Zoe Williams

Zoe is an 18-year-old from rural Western Australia. After attending boarding school in Perth, she went on to full-time study at the University of Western Australia. She loves horse-riding, writing and all things in the world’s wilderness. Her trip was from January 7, 2013 to February 2, 2013

Why did you decide to volunteer with ISV in South Africa?

South Africa Mountain

Zoe: I had never been to Africa and when the opportunity came up, I took it gladly. The idea behind ISV’s 4-week program really appealed to me, two weeks of volunteering in conservation (or community) followed by two weeks of adventure-touring the amazing country of South Africa – it sounded just right for me – holiday thrills plus giving back to the global community.

Describe your day to day activities as a volunteer.

Zoe: I was working in conservation in the remote north-east area of South Africa. Every morning we went out for a Bird Point Count – which is identifying (by sight or sound) and recording each bird that was within a few hundred metres of us.

During the day we examined the vegetation in the reserve, measuring and analysing the grasses and trees to determine how well the reserve was coping with the number of animals within it. This kind of data gathering is used to make decisions on wildlife management and gain a better understanding of the eco-system. We were also lucky enough to fit in some community work as well, we ran workshops with local adults with regard to conservation and wildlife management, and we got to visit the school in the nearby village and work with the children.

What made this experience unique and special?

South Africa Volunteer and Kids

Zoe: There were a lot of things that made this trip worthwhile for me. First, I got to work with and get to know a large group of people from all over the place that were there for the same reason I was – to make a difference and have fun while doing it.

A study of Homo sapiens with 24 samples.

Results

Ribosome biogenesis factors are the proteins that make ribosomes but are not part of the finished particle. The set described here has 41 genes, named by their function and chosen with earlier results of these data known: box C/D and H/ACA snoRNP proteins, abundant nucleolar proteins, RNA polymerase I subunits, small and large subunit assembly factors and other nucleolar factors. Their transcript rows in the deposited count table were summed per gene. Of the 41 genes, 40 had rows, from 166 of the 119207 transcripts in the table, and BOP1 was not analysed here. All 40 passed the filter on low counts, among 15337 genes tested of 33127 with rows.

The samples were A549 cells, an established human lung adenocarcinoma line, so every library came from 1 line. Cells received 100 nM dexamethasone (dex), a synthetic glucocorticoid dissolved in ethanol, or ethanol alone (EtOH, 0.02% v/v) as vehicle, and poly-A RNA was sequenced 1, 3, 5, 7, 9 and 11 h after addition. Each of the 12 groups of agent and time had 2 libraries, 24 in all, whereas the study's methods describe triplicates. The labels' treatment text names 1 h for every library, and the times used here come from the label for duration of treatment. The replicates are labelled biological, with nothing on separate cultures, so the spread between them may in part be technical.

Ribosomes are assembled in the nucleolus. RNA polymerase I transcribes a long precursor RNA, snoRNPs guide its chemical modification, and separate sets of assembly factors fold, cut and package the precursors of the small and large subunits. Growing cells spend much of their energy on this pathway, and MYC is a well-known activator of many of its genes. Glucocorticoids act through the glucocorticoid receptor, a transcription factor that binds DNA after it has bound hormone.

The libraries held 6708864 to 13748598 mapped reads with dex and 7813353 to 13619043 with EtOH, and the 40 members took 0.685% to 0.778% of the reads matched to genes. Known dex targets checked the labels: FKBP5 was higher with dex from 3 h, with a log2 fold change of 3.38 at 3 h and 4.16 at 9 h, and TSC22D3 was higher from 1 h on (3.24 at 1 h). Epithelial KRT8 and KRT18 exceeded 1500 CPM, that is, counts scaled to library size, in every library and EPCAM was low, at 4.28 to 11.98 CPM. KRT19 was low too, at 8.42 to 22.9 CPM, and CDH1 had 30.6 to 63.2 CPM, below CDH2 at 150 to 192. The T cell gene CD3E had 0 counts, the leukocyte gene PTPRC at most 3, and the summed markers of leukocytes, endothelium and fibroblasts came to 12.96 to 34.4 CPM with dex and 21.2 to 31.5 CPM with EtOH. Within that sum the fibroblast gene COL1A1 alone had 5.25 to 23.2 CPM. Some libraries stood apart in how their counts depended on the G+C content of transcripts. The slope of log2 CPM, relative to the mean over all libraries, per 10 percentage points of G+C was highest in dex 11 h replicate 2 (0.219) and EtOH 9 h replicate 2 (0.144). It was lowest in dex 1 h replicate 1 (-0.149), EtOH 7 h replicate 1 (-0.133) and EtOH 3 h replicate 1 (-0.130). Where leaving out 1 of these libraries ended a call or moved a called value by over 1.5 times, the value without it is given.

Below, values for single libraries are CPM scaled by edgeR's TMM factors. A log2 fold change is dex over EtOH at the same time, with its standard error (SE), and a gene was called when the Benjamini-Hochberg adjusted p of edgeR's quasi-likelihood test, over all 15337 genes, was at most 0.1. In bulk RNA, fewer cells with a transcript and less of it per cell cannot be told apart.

Second, I was doing something useful – when you’re recording data on a clipboard in the field, you might not think that, but in hindsight, it’s that kind of data that determines whether animals from a more crowded area will be killed, or sent to our reserve to balance populations – that, and it holds scientific value in the understanding of the unique African ecosystem. And thirdly, a huge part of this trip for me was about trying things I hadn’t done before, and I can now say I have bungee-jumped, I have abseiled 112 metres, I have cage-dived with Great White sharks – and much, much more.

How has this experience impacted your future?

Zoe: This experience has certainly broadened my horizons. I was already fully aware that, globally, there are environmental and social challenges beyond counting that need to be addressed – but there’s nothing quite like going to a foreign country and really experiencing that from another person’s point of view. Professionally, this experience has altered how I view each situation presented to me, as a history student and prospective teacher and writer. I’ll never forget this trip, it has definitely changed me, and for the better.